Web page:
This article was originally posted on uxpatterns.org, which now redirects here.

No matter how zippy we make our applications and sites, there will often be something that takes time to process. Loading indicators, often those swirly circle graphics like these Standard loading spinner generally show up when something takes longer than a second or two to process. Most of the time, this is for a complex query such as a reservation search on a travel web site or for something like a file upload.

It is a solid practice to use loading indicators in these cases so that the user knows that the action they invoked had some effect. Otherwise, they may assume something is broken or that perhaps that they never invoked the action at all–necessitating another click (and restarting the query).

In my search for progress indicators and loading animations, I found that most applications center their loading concept on some or all of the following themes

Tell the user what is happening

Many times, if the user is informed, they may be more patient. After all, something they asked for is coming–it’s just taking awhile. But be careful about giving an information overload!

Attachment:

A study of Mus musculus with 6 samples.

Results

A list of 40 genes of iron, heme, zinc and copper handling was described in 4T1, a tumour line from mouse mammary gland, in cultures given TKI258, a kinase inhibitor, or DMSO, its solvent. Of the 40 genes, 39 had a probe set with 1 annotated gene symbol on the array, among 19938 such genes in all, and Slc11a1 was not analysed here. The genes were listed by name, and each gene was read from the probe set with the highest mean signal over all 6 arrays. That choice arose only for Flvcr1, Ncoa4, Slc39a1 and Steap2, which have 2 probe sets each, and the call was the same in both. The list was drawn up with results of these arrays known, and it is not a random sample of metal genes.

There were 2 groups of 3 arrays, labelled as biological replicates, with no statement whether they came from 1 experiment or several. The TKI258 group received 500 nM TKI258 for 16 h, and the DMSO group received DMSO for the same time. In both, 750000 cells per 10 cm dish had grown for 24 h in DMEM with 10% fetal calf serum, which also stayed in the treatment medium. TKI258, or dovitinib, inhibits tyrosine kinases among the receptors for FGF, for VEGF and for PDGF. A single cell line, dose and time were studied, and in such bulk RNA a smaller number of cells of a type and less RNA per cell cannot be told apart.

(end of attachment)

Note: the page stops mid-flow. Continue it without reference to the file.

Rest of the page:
If this was initiated by a query from the user, it may be helpful to remind the user about the details in case they made a mistake. No sense in making them wait only to have useless results!

Show real progress

Sometimes this isn’t technically feasible. Databases don’t know when they’ll be done processing your query, and even if they did, it would take another series of queries to ask for the remaining time. However, for things like file transfers this is much more simple. If you take the amount uploaded and divide it by the total file size, you have the percentage of progress.

Give users something to do

Hipmunk did something surprising with their loading screen: They gave me the opportunity to sign up for fare updates (and probably their email newsletter). Since these searches usually take upwards of 30 seconds, I had plenty of time to digest what I was seeing and fill the form out.

Vimeo allows me to edit my video details while it uploads.

Kayak surprised me also by loading results as they came in. This allowed me to start planning as it finished loading.

Other companies showed ads for third parties.

Highlight Your Brand

You’ve got your users’ eyeballs for a few seconds on this screen. Make the most of it! Most sites took this waiting time to give the user a taste of their brand, or highlight a competitive advantage of their system. Others went more minimalist and simply animated their logo.

Summary

There are plenty of different things you can do to keep the user on your site or in your app while something loads. As always, balance the business needs (revenue from advertisement, cross promotion, etc.) against user fatigue and interest and promoting your brand. Wherever possible try to reduce load times altogether.